Excerpts from Hope for Misfits will be periodically posted on this page.  These passages are intended to serve as stimuli for topical discussions.

Today’s excerpt comes from Chapter One, “A Do-Right Kid.”  Do you remember a spiritual experience from your formative years?  How did it affect you?  How do you view it today?  What are your thoughts about the author’s Epiphany?

Excerpt from Hope for Misfits:  A Prodigal Rides the Cycles of Addiction: 

Chapter 1

A Do-Right Kid

God Almighty visited me in person one night when I was about six or seven.  God Himself came – not an angel or a prophet or a preacher or an evangelist, but the one true God came in person.

“Well, then,” what does God look like?” a reasonable person might ask.

I can’t answer that because I “saw” God spiritually and not in the way we humans think of seeing.  I learned later on that God is Spirit, and experiencing him is like knowing the wind is blowing but being unable to see it or know from where it comes.

But I know that God chose to come see me that night. “How do I know that it was really God, and not some trick of my mind?” a logical person might ask.  Well, I just know.  If you’ve ever really had God in your heart, you know what I mean.  If you haven’t, then I pray that someday you will understand.

It was a Wednesday night and my Mom, Dad and I – my two younger brothers were not yet born – had been to Prayer Meeting at our Methodist Church.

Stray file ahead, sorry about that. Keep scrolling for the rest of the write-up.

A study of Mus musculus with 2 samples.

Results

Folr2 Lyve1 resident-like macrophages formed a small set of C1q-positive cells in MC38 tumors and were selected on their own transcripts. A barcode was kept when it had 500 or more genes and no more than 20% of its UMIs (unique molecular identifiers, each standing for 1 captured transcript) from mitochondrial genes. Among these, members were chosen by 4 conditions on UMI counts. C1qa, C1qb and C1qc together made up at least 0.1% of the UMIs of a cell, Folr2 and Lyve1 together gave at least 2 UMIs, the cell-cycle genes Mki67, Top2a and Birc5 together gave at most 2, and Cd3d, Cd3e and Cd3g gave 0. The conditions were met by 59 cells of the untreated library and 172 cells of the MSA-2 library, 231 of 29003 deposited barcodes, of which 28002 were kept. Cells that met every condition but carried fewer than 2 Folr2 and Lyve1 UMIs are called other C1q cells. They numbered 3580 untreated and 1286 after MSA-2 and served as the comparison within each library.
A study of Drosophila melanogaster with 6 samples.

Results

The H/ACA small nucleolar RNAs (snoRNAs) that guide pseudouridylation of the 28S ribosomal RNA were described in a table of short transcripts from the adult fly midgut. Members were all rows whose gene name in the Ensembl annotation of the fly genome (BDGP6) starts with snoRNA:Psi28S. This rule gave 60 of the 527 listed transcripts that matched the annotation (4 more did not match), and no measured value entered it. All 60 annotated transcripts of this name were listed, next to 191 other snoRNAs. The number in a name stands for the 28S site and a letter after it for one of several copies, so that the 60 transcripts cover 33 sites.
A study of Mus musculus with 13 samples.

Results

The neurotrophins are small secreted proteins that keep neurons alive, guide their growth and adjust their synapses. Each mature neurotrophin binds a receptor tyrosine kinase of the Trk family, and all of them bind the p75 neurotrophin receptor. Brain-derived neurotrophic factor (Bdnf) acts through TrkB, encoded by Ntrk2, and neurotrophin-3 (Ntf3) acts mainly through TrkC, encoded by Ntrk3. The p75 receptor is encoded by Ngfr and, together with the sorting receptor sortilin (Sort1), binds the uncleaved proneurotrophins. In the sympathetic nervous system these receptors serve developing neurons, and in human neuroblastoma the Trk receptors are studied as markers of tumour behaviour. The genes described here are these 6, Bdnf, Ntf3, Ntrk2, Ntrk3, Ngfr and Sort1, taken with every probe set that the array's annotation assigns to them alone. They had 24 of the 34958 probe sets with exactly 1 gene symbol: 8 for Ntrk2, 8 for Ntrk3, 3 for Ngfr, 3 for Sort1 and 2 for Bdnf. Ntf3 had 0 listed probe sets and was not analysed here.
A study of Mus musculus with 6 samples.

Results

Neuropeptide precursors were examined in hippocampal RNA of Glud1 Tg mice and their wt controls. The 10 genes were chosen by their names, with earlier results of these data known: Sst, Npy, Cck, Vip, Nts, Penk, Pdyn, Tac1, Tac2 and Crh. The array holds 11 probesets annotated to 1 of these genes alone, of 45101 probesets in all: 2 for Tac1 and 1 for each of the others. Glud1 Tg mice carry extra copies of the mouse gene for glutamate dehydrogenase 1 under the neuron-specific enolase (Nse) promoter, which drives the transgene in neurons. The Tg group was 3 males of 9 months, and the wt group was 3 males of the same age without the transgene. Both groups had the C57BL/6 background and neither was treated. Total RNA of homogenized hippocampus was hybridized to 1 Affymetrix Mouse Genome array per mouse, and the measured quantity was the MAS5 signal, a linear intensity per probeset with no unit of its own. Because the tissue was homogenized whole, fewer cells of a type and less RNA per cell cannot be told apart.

It was dark and quiet in my bedroom and I was sleeping peacefully when the Divine Spirit awakened me. Startled, I spring to a sitting position, erect and rigid.

And then God announced that it was he who was visiting.  The message came from the heart of God to my heart, no spoken words.  I shook with fear but at the same time felt cocooned in amazing love.

God gave me glimpses of heaven and hell, and taught me that I would have a choice in life.  At the end I would be judged, and my soul would go to one or the other forever.

He showed me a moving picture of hell.  I saw ghostly beings squirming and running and crying and flailing about in the reddest and hottest-of-hot fires, souls in unimaginable anguish unable to escape, unable to die.  It was the most awful image I’ve ever had as condemned beings burned but didn’t burn up, a hopeless, helpless condition.

Heaven was a place of peace and love that transcends anything imaginable on earth, and I could chose to go there by accepting Jesus as my Lord and Savior.  Jesus would welcome me with open arms, and loved ones who were saved would be there, and we would be together in glory forever.

God’s message was on a spiritual realm that defies human language.  I don’t know how long my time with God lasted that night, but what is time to God?  When he left my bedroom, he left his Spirit with me.

I could never claim I didn’t know what awaited me based on what choices I made in life. Shaking from head to toe and wet with beads of sweat, I found myself standing in Mom and Dad’s bedroom by their bedside.

I awakened them, sobbing, and told them that God had been to see me.  “He showed me what heaven and hell are like,” I said, “and he assured me that he loves me and that he wants me and you and everybody to worship him and go to be with him in heaven when we die.  I saw souls burning in hell and learned about the love waiting for the saved in heaven.”

Mom and Dad were shaken and didn’t know what to say. “I love you both so much,” I said, “and I just need to know that you are saved, and that you will go to heaven.  Hell is awful.”

Mom and Dad both promised me that they had accepted Jesus Christ as Lord and Savior and were assured of their salvation.  Although we were sedate Methodists, Daddy prayed like a Pentecostal with his deep, trembling voice rising and falling, rising and falling. Not one of us ever forgot the night God came to see me.